TV & Radio
A Bad Amendment
Even if you oppose gay marriage, Virginia's ban would go too far.
Sunday, September 17, 2006; B06
SINCE 1998, 20 states have adopted constitutional amendments banning gay marriage. But not all of them have been drafted so expansively, and so carelessly, as the measure that will appear on Virginia's ballot in November, which would recognize no "union, partnership or other legal status to which is assigned the rights, benefits, obligations, qualities or effects of marriage." The amendment is muddle-headed and absurdly broad, duplicates what is already in state law and carries the germ of a thousand unintended consequences. Virginia voters should reject it.
Gov. Timothy M. Kaine (D) opposes gay marriage, but he shares with its defenders the concern that the wording of Virginia's amendment could imperil the rights of individuals to enter into private contracts or employers to extend benefits such as health care coverage to unmarried couples. Plenty of the state's most prominent employers might face a more vexing recruiting environment if the amendment is approved.
The governor seems prepared to spend some political capital opposing the amendment but not too much; his aides say not to expect a full-court press. He has recognized from the outset that the amendment can be construed not only as banning same-sex marriages and civil unions but also as putting thousands of unmarried couples at risk of losing a host of benefits. But he is loath to hit the hustings in an all-out effort to defeat the measure, which will appear on the statewide ballot Nov. 7.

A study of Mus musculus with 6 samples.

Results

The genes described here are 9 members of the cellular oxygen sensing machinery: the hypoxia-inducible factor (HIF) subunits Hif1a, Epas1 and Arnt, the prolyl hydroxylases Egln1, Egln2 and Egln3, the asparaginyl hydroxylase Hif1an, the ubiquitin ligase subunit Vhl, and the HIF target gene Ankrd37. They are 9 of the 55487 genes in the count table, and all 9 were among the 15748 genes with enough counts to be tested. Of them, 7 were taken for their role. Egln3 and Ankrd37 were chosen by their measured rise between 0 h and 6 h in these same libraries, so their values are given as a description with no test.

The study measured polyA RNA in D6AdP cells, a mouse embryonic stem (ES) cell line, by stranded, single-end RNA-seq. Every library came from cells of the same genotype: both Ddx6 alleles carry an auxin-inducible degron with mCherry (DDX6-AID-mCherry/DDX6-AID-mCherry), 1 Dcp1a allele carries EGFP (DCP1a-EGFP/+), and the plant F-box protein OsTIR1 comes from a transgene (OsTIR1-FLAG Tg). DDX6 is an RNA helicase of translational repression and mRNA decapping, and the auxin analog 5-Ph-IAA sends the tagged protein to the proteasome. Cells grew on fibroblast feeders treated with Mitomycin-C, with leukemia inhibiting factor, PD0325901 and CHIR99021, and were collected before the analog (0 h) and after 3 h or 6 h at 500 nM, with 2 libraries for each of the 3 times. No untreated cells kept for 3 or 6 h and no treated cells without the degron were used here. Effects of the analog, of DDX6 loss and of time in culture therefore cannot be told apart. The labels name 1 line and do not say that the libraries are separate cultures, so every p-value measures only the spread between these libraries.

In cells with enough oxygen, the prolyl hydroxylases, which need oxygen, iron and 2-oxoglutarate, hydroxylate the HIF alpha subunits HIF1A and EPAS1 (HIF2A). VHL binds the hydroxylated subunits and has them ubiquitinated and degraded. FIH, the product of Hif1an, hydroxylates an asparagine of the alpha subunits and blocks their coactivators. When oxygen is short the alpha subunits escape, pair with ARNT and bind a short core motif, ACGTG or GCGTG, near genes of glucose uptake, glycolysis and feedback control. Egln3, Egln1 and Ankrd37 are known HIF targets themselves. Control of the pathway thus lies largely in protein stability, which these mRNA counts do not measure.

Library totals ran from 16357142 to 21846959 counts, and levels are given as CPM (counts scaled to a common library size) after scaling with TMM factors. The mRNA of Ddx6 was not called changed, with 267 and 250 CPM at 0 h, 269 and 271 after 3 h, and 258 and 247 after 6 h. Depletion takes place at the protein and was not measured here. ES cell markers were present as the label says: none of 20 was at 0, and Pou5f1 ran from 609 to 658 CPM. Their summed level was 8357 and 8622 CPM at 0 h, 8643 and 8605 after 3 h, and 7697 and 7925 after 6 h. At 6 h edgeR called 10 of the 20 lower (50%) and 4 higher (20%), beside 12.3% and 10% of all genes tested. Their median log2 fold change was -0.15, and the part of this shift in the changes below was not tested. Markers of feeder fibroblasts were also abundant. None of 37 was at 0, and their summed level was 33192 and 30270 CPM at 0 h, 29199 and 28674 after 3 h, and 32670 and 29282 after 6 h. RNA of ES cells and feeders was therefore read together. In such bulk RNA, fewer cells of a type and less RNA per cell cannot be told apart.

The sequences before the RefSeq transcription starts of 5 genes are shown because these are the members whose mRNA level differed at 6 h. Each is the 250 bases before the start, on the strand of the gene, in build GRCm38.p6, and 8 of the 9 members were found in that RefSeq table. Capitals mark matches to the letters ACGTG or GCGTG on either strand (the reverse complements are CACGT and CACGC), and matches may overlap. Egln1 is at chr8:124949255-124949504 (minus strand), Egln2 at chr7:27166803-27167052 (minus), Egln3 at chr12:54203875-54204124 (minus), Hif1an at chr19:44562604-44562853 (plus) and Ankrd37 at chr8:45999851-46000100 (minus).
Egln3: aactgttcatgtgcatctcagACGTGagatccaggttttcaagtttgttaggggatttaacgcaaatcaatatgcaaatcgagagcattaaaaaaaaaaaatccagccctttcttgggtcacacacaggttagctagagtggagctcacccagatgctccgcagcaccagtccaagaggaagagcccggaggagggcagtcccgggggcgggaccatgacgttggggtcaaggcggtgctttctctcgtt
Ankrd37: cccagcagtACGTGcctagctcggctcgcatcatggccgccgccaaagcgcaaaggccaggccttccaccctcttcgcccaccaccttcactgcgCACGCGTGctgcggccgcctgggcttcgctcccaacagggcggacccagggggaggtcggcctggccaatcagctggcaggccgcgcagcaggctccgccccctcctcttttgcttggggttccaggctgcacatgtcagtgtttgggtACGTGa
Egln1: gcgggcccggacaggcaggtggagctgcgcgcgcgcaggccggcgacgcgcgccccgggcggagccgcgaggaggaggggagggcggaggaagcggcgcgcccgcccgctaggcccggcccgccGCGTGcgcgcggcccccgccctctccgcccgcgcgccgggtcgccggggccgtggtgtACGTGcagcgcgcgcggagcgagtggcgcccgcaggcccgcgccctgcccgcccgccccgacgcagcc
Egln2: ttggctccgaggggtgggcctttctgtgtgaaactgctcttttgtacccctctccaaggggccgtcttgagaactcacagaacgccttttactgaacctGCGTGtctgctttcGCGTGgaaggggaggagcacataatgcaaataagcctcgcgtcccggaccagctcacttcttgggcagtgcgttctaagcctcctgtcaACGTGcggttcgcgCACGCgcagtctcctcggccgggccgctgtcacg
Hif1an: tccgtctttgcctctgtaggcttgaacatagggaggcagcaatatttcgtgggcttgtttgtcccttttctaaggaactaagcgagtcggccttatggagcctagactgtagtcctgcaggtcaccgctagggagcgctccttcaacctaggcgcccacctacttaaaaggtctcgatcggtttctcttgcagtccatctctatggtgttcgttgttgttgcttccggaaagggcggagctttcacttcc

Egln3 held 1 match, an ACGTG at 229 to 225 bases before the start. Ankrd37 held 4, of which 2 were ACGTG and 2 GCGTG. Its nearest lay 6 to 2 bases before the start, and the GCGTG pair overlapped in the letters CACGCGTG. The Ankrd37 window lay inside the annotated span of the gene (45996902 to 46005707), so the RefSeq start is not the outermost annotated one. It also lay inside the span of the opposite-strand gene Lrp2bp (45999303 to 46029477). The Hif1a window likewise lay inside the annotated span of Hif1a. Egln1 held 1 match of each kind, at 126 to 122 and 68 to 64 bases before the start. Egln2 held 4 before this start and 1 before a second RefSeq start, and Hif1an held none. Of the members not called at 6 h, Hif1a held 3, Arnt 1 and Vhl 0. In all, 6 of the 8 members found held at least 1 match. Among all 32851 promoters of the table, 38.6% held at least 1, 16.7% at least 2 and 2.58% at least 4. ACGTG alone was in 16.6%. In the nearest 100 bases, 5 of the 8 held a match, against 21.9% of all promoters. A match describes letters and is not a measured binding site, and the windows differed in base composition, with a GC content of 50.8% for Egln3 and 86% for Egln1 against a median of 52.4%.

We believe that all such measures enshrine intolerance and may have cruel and discriminatory effects. Around the country, there are encouraging signs that voters and legislatures in some states that have not already adopted such amendments are balking at jumping on the bandwagon. The tide that has carried these proposals may be receding somewhat, which may be one reason for Mr. Kaine's ambivalence. He has said he would support a narrowly drawn amendment that defines marriage as the union of a man and a woman, as a number of states have done.
Like any politician, Mr. Kaine is entitled to pick his battles, and there's no doubt that this one would be an uphill struggle. He would have to tackle the reality of a majority of Virginians who start out opposed to gay marriage, as well as that of the state's attorney general, Robert F. McDonnell (R), who backs the measure and dismisses the idea that it is legally problematic. But the stakes, as the governor himself has defined them, are high. Defeating the amendment is a fight worth fighting wholeheartedly.